Anything Goes
Anything Goes 1956 Poster.jpg
Theatrical release poster
Directed byRobert Lewis
Produced byRobert Emmett Dolan
Screenplay by
Based onAnything Goes
by Guy Bolton and P.G. Wodehouse
Starring
Music by
CinematographyJohn F. Warren
Edited byFrank Bracht
Production
company
Distributed byParamount Pictures
Release date
  • April 13, 1956 (1956-04-13) (USA)
Running time
106 minutes
CountryUnited States
LanguageEnglish
Box office$2.1 million (USA)[1]

In 1936, Paramount released another musical film version that followed the plot of the musical. The book for this second film version, also released by Paramount, was drastically rewritten. Although this version again stars Crosby (whose character was renamed) and O'Connor (and comedian Phil Harris is given a cameo appearance), the film replaces most of the original characters and follows a new plot. It features almost no similarities to the musical stage production, apart from some songs and the title.

PlotEdit

Showbiz partners Bill Benson and Ted Adams each travel to Paris to sign a dancer to star in their new show. The problem? There is only one role, and the men have unknowingly cast two dancers, Patsy Blair and Gaby Duval. It is up to the men to sort out their mess on the cruise back to America.

CastEdit

ProductionEdit

Filming took place in April and May 1955. The primary musical numbers ("Anything Goes", "You're the Top", "I Get a Kick Out of You", "It's De-Lovely", and "Blow, Gabriel, Blow") appear in the film with updated arrangements, while the lesser-known Porter songs were cut completely, and new songs, written by Jimmy Van Heusen and Sammy Cahn, were substituted. These substitutions ranged from the lively tap number by Donald O'Connor with bouncy children and as many bouncy balls ("You Can Bounce Right Back") to crazy kitsch ("Second-hand Turban"). Musical numbers were staged by Nick Castle, with the "Anything Goes" number staged by Ernie Flatt, and Roland Petit providing the choreography of "I Get a Kick Out of You" for his wife Zizi Jeanmaire.

ReceptionEdit

The Variety reviewer said: "It’s a bright offering for Easter release, geared to play an engaging tune at the wickets. Male topliners Bing Crosby and Donald O’Connor go together as though born to give the zip to what scripter Sidney Sheldon has concocted hereunder the stage title. While there are Cole Porter songs and the legit handle is still carried, that’s about all that remains of what went on behind the footlights, and there’s scant resemblance to Paramount's 1936 film version, in which Crosby also starred with Ethel Merman".[4]

A. H. Weiler, writing for The New York Times, thought that, "For all its activity, Anything Goes is, in the main, standard musical comedy. Some of the principals are decidedly decorative and talented. The script, however, is transparent and fragile."[5]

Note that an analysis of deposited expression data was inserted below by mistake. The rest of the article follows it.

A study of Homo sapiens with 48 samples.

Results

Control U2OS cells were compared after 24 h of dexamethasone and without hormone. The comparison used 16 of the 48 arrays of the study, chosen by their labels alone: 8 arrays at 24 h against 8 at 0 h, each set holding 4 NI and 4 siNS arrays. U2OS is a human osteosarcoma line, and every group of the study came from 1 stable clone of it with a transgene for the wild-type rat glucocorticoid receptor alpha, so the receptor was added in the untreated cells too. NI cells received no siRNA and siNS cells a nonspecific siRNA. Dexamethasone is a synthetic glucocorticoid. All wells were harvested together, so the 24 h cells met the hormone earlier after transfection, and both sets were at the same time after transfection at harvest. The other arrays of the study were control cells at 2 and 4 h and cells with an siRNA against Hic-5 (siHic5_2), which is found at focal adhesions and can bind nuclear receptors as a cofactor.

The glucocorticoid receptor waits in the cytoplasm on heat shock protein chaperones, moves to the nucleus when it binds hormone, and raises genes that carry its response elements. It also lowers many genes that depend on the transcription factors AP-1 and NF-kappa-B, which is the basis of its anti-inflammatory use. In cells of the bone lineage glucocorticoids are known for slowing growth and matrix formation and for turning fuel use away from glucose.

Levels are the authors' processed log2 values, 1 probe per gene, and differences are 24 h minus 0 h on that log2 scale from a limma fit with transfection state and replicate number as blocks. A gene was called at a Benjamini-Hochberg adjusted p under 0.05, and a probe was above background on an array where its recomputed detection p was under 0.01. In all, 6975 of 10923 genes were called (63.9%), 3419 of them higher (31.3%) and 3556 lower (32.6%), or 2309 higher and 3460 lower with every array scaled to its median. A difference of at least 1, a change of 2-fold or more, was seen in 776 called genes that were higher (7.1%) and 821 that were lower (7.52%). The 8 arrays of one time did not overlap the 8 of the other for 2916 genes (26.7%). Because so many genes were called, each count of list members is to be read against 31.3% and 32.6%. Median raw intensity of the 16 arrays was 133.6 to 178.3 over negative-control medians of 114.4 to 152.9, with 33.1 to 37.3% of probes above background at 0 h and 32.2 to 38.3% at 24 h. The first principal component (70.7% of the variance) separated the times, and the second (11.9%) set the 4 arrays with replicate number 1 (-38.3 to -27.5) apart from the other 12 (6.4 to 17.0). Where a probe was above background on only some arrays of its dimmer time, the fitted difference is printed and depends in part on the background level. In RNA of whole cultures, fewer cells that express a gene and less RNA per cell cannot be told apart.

SoundtrackEdit

Anything Goes
 
Soundtrack album by
the Original Cast
ReleasedJune 1956
Recorded1956
GenreStage and screen
Length45:10
LabelDecca Records
ProducerJoseph Lilley

The original soundtrack album was released by Decca Records and includes a mix of soundtrack performances and studio re-creations.[6]

  1. "Ya Gotta Give the People Hoke" (Crosby and O'Connor) – This is from the film soundtrack.
  2. "Anything Goes" (Gaynor) – The orchestra track is from the film, but Gaynor overdubs a new and different vocal.
  3. "I Get a Kick Out of You" (Jeanmaire) – This is from the film soundtrack, although the sound quality fluctuates between the vocals and the dance music.
  4. "You're the Top" (Crosby and Gaynor) – This is a studio recording with an arrangement totally different from that presented in the film. On screen the number is done as a double duet with Crosby and Gaynor rehearsing in one room while O'Connor and Jeanmaire rehearse in an adjoining room. The recorded version is less complete and has some different lyrics.
  5. "Dream Ballet" (Orchestra) – This is taken from the soundtrack with the addition "Let's Do It" at the very beginning, which was edited out of the final print of the film.
  6. "It's De-Lovely" (O'Connor and Gaynor) – This is from the film soundtrack with dialogue removed.
  7. "All Through the Night" (Crosby) – This is a studio re-recording with Crosby singing at a slightly faster tempo.
  8. "A Second Hand Turban and a Crystal Ball" (Crosby and O'Connor) – This is the full routine (with a few slight dialogue abridgments) taken from the film soundtrack.
  9. "You Can Bounce Right Back" (O'Connor) – This is from the film soundtrack.
  10. "Blow, Gabriel, Blow" (Full cast) – This is from the soundtrack, but remixed to remove the chorus and adding some verses not heard in the finished film.

The album stayed in Decca's catalog until 1969 when it was discontinued.[7] In 2004, Decca Broadway re-released the recording on CD with three additional Crosby tracks: "Sailor Beware", "My Heart and I", and "Moonburn".[8]

See alsoEdit

ReferencesEdit

  1. ^ "The Top Box-Office Hits of 1956", Variety Weekly, January 2, 1957.
  2. ^ "Anything Goes". Turner Classic Movies. Atlanta: Turner Broadcasting System (Time Warner). Retrieved September 5, 2016.
  3. ^ Davis 1993, p. 6.
  4. ^ "Variety". January 25, 1956. Cite journal requires |journal= (help)
  5. ^ Weiler, A. H. "creen: Cole Porter Music Still Fresh; 'Anything Goes' Has Bow at Paramount Bing Crosby, Donald O'Connor Starred". The New York Times. Retrieved January 28, 2016.
  6. ^ "Anything Goes > Film Soundtrack". CastAlbums.org. Retrieved 2012-01-14.
  7. ^ Last available listed in Schwann catalogue, June 1969, page 211
  8. ^ "Anything Goes (1956 Film Soundtrack): Cole Porter, Bing Crosby, Donald O'Connor: Music". Amazon.com. Retrieved 2012-01-14.